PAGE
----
Updated: May 3, 2013 12:14PM



Originally published: Jan. 6, 2002

Despite all the miracles of modern science, two common conditions elude a cure: recession and the common cold. And it strikes me that in many ways they’re much alike.

We always have some feeling that a cold is coming on; ditto for recession. We mostly try to ignore the ominous warning signs, continuing with our ordinary activities in hopes that the dreaded condition will somehow bypass us this time.

Early signals that should alert us are easily ignored. We sneeze once or twice and figure it’s a coincidence. In the case of the economy, the Fed cuts interest rates once or twice, but we figure that this time we can tough our way through any slowdown.

Listening for early signs of a recession

Or maybe you’re one of those people who listens to those early warning signals. You start taking extra doses of vitamin C or Echinacea or zinc. You stock up on orange juice and Kleenex. Your friends laugh at these home remedies, though you remember that they’ve staved off a cold before, or made it milder. Your friends ignore your dire predictions, and your occasional sneeze. Of course, you know they’re next in line to catch that cold.

Those are the same people who ignore warnings to pay down debt, not get overextended on that new car or house, and cut back on daily expenditures to build a savings reserve. They ignore colds and the early warnings signs of recession.

And you wonder if you’re just being too pessimistic, too self-protective, or maybe that you’ve just suffered through enough of these colds and recessions to try to do everything to make it less punishing.

And suddenly it arrives. The cold. The recession. If you didn’t see it coming, it’s shocking: “How could I be so vulnerable?”

That’s the common reaction. But by that time, it’s too late. Now you can only deal with the reality of a cough, sneezes, sniffles. It doesn’t help that there are multiple remedies in the drugstore. You’ve caught a cold, and you can’t shake it.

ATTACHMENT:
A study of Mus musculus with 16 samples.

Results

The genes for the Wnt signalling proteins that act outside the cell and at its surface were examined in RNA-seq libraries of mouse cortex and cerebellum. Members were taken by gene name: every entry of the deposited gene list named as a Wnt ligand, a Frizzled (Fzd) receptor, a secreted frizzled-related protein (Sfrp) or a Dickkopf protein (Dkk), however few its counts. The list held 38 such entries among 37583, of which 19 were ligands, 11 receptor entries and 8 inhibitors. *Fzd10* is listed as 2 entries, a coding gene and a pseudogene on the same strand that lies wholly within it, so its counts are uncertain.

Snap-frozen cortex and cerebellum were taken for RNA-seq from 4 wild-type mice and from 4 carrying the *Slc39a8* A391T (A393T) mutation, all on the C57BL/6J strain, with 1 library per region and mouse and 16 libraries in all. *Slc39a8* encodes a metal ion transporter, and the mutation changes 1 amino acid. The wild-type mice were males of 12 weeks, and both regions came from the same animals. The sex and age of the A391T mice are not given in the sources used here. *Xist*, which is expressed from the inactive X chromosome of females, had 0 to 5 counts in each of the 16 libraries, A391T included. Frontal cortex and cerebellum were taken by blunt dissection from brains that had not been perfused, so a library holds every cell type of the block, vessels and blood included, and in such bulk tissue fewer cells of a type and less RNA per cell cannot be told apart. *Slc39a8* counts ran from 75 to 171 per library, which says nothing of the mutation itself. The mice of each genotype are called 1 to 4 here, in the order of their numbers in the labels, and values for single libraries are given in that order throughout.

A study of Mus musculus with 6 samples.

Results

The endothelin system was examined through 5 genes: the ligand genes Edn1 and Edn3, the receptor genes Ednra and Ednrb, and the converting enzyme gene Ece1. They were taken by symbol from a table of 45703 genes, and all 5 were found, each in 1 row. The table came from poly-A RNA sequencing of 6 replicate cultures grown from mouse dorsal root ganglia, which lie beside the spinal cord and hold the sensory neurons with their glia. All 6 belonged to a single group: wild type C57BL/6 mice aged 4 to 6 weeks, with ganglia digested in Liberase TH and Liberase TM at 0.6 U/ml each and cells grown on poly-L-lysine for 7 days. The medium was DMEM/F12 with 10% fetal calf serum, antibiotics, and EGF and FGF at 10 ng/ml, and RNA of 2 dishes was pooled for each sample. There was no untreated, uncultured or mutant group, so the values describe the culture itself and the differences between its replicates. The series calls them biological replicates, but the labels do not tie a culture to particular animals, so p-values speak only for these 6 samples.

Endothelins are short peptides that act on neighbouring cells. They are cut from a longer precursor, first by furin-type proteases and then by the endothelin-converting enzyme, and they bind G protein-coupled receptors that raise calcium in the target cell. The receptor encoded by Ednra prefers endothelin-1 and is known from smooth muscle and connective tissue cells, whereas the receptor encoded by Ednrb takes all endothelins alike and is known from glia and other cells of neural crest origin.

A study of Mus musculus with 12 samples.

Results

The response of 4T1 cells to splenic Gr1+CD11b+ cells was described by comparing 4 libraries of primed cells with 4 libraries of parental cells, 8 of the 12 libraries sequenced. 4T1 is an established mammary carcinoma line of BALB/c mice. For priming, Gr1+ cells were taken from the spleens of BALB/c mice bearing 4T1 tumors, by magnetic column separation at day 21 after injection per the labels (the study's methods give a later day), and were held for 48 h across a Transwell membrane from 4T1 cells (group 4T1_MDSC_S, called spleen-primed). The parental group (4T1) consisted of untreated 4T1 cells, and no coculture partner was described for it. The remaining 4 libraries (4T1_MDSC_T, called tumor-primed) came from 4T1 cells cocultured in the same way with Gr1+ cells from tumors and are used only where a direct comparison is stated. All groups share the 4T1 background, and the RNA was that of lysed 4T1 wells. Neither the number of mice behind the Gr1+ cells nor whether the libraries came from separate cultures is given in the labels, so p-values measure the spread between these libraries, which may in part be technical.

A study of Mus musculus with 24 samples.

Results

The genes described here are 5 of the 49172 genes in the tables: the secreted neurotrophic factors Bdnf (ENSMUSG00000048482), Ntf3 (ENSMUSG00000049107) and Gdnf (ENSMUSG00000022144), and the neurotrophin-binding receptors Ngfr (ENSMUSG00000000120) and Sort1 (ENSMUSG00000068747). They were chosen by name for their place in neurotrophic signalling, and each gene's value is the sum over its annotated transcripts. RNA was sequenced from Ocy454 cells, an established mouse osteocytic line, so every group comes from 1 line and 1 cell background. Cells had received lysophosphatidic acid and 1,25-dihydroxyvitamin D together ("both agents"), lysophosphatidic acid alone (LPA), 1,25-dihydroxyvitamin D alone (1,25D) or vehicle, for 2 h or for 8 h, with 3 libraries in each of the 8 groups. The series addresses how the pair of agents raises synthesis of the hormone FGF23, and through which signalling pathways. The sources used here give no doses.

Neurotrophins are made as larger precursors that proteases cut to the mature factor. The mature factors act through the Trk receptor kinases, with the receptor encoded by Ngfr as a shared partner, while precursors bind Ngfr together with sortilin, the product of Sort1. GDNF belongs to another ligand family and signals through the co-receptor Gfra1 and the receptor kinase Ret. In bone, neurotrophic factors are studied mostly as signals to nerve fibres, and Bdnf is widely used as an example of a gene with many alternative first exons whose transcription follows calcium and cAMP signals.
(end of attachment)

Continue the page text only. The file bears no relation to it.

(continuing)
And there are multiple well-advertised remedies for dealing with recessions, as well. Cut taxes, increase spending, lower interest rates, give tax refunds, tax credits ... everyone has some advice. Just as your mom will call and remind you to drink a lot of water and get a lot of rest.

Well, in a way Mom’s right. If you don’t take some precautionary measures, that cold could turn into pneumonia. Or the recession could turn into a depression. But most likely it will be nothing more than a common cold, or common recession. We’ve lived through them before--but it doesn’t make us any less miserable right now.

And if there’s one thing you don’t want to hear just when your eyes are running and your nose is red, it’s the amazed pronouncement of your mom or spouse: “You’ve got a cold!”

Well, yes ... duh. I’m sitting here miserable and it’s pretty obvious.

Similarly, this week’s announcement by the National Bureau of Economic Research that the nation is in a recession--a recession that started last March--is also in the category of “news we didn’t need to hear.” But this bunch of economists is always late facing the facts. In 1991 they announced the 1990 recession--one month after it ended!

The backward-looking economist

Economists and cold cures are always better at hindsight. They never can predict the exact course of the malady, and they sure haven’t invented a cure. It’s like those prescriptions to take some aspirins, and you’ll feel better in about seven days. Or don’t take anything and you’ll feel better in a week.

There is one big difference between a cold and a recession. When you have a bad cold, everyone tells you to go home and take a day off. Of course, they’re worried about catching your cold. So you get to hunker down in bed, drink a lot of juice, and watch daytime TV.

With a recession, you don’t get a lot of sympathy from your boss or co-workers. They know a recession is contagious. But in this case, they’d rather have you around to be the miserable one, knowing that once you go, they’re likely to be next in line!

And that’s The Savage Truth.

Terry Savage is a registered investment adviser and is on the board of directors of McDonald’s Corp. and Pennzoil-Quaker State Co. Send questions via e-mail to savage@suntimes.com. She appears weekly on WMAQ-Channel 5’s afternoon newscast.